Internet TV gets an upgrade
Published: Saturday, January 20, 2007 at 6:01 a.m.
Last Modified: Friday, January 19, 2007 at 11:47 p.m.
More than 20,000 high-tech products were introduced at the Consumer Electronics Show, which took place last week in Las Vegas.
Coming off a record year (sales up 13 percent, revenues of $145 billion), consumer-electronics makers are betting that America's love affair with electronics will continue unabated. This report looks at the product category that still grabs the most attention and dollars: television.
But there's also a growing recognition that most people don't like to watch long-form movies and TV shows on a handheld device or a computer monitor. So at this year's CES, many companies offered ways to move Internet-acquired content onto bigger screens.
Imagine Internet video so good you'll buy a new TV to watch it. That's the promise of Sony's Bravia Internet Video System, coming mid-year (price TBA).
A new series of high-definition, flat-panel TVs will connect directly to the Internet via Ethernet to access and stream free high-def and standard-def video content supplied by partner channels AOL, Yahoo! and Grouper (a Sony-owned YouTube wannabe).
Apple announced a variation on the theme, Apple TV, at the MacWorld Expo last week. (The competing show took place in San Francisco.) The device would be usable on any TV.
Another Apple product, the iPod Video, inspired interesting enhancement products that were on display at CES. Slip your iPod Video portable into Viewsonic's new ViewDoc ($495), and programs downloaded from the iTunes store will play on an integrated, 22-inch, high-def wide screen.
Or pop that iPod into Ion Audio's iProjector ($499, available this spring). The small portable can throw a 90-inch image onto a wall or screen and it connects to other content sources such as DVD players.
Hard-drive-based media servers that store video and music and move it to gear throughout the house are getting cheaper and easier to set up, too. A few examples:
About a dozen live channels from the likes of CBS, Comedy Central, Fox, MTV, NBC News, NBC Entertainment and Nickelodeon will beam digitally to a new generation of ''T-Bar''-design phones, so named because the devices have a rotating, widescreen CD display.
Qualcomm's MediaFlo software and technical backbone run the show for Mobile TV, which does not interfere with normal phone reception, offers broadcast-quality pictures and synchronized sound, and doesn't drain any more power than a normal phone call.
A peace flag was being waved at CES by two major concerns, software giant Warner Home Video and the major Korean company LG Electronics.
Warner has been selling titles in both HD-DVD and Blu-ray formats, a shelf-space nightmare for retailers. Come fall, the studio (and subsidiaries New Line and HBD Video) will introduce the ''Total HD Disc'' - or THD - an in-house invention that carries both HD varieties on opposite sides of a single disc.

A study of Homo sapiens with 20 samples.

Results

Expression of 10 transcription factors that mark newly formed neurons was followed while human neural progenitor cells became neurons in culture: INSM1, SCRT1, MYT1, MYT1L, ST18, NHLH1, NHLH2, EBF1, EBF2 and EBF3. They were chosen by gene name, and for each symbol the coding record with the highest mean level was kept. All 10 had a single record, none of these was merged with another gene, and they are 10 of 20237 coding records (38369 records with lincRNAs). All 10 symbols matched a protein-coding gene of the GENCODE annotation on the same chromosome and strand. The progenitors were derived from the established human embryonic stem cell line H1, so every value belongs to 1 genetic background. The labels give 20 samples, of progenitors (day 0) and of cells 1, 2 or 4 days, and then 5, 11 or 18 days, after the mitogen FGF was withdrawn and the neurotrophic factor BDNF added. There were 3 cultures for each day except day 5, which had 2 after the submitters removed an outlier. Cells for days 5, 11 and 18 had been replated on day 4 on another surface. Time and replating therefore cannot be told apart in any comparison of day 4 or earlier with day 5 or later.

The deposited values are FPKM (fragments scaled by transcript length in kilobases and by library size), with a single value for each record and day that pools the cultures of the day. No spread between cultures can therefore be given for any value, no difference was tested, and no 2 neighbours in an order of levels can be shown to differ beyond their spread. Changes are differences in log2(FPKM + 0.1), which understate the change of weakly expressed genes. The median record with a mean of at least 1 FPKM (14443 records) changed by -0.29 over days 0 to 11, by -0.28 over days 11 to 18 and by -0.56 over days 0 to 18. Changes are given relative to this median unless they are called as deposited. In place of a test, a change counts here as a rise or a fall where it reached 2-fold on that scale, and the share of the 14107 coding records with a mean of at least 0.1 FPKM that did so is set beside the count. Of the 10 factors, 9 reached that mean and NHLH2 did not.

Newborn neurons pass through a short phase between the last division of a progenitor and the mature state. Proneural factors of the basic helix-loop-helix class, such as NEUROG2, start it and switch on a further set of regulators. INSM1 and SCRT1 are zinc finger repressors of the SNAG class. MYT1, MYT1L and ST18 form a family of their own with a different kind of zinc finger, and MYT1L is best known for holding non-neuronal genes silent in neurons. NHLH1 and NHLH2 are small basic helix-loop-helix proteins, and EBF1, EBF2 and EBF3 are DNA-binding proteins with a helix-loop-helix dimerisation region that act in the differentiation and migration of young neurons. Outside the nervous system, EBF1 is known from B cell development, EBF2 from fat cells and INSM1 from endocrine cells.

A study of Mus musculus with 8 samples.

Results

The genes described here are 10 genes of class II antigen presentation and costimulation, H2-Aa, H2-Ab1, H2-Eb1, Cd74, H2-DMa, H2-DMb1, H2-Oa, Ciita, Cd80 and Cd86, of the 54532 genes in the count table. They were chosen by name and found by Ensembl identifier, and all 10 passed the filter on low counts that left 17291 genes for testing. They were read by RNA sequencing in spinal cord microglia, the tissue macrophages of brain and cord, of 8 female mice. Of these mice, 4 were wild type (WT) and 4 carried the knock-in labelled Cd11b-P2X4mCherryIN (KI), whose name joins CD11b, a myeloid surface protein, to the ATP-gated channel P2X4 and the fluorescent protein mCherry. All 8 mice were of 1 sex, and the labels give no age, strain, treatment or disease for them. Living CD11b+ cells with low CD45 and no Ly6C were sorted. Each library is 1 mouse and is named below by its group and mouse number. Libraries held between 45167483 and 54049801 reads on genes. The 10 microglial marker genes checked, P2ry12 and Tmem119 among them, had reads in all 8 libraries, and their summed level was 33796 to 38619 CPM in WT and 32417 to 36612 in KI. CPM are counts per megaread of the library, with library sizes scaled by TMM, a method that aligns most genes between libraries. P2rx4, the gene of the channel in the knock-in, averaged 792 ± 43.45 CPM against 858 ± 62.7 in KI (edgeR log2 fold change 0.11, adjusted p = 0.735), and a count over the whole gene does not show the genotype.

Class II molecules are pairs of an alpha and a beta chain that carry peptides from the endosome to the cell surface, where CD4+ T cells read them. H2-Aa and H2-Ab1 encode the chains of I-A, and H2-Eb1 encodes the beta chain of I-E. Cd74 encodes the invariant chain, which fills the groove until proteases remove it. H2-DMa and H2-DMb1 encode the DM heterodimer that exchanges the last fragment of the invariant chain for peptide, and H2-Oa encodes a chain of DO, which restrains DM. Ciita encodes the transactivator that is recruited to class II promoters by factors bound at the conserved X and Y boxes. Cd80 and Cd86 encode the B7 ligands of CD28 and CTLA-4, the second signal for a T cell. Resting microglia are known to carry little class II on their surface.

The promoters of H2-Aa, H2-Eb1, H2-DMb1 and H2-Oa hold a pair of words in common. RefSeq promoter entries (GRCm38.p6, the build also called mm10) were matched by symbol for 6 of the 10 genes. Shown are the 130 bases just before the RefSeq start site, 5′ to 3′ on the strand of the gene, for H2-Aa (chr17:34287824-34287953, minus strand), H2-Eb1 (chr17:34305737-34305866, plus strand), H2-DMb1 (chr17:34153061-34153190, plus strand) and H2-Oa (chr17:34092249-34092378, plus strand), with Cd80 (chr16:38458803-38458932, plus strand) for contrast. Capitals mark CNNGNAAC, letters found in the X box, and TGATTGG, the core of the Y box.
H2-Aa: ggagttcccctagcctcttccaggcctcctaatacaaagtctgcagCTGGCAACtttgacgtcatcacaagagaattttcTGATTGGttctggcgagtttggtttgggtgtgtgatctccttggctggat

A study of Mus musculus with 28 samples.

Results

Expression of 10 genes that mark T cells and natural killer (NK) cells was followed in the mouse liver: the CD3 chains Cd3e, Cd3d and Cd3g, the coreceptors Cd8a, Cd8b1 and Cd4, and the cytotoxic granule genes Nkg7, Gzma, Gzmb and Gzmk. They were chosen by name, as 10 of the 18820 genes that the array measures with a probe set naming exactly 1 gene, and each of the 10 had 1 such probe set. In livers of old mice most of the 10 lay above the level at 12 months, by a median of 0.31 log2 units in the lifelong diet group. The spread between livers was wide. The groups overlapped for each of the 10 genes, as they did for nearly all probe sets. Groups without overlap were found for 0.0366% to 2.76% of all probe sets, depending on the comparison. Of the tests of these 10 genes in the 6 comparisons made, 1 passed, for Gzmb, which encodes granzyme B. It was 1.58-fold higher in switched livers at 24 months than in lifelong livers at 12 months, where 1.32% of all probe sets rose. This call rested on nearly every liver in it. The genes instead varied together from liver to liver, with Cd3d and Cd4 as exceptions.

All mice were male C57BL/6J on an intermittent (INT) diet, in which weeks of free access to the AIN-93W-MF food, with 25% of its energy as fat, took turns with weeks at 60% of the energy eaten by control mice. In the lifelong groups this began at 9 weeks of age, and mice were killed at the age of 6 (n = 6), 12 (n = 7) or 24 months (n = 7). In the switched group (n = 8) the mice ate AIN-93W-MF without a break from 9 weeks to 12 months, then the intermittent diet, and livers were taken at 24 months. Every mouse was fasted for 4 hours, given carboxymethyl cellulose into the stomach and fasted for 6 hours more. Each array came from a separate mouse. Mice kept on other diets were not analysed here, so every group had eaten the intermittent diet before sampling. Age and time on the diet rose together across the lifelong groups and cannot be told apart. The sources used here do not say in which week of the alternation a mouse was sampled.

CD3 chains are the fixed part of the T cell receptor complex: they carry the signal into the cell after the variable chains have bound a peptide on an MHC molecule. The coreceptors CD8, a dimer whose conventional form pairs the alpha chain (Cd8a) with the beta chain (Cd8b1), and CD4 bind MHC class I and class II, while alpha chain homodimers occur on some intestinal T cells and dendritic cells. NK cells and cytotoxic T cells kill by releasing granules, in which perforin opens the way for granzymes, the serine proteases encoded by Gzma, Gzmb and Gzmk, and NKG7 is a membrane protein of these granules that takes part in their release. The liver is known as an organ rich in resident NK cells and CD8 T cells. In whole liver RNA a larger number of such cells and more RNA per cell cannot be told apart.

The compromise recognizes that ''the two formats are going to co-exist,'' said Warner's Steve Nickerson.
Likewise easing consumer concerns about backing the wrong horse, LG Electronics is readying the first universal HD player featuring a single-drive mechanism and complex laser pickup to play both Blu-ray and HD-DVD discs - and conventional DVDs, too.
Early adopters will pay $1,199 for this LG Super Multi Blue Player, available in March. The first-gen device shortchanges the HD-DVD format a little, since it won't access the interactive features encoded on the discs. A dual-format PC drive that doesn't have this problem will also appear, for roughly the same price.
Sporting today's top HD picture specification - a 1,080-line, progressively scanned (also known as 1080p) widescreen image - JVC's wall-hanging Slim HD-ILA models measure just 10.7 inches deep for the 58-inch-wide model ($3,299) and 11.6 inches deep for the 65-inch-wide version ($4,199).
Rear-projection sets using Texas Instruments' rival digital light processing technology also are shrinking.
Samsung's soon-coming 1080p ''Slim LED DLP'' series in 50-, 56- and 61-inch screen sizes ($2,399 to $3,199) do the deed in part by replacing the clunky color wheel of the light engine with a tiny array of energy-efficient LEDs that also create better color.
Later this year, Mitsubishi aims to introduce thin-line 1080p sets that use laser beams to create a super-sharp image. Just watch out for the light sabers in the ''Star Wars'' movies.
Still, any rear-projection set is going to have a tough time competing against flat-panels, already the TV purchase of choice for more than half the populace.
Bread-and-butter 42-inch (720p) HD plasma models are expected to drop in price to a grand. Upstart cost-cutting brand Vizio was at CES and introduced a ''Full HD'' (1080p), 47-inch LCD set for $1,900 and the ''Maximvs,'' a 60-inch, 720p plasma screen at a relatively bargain $2,999.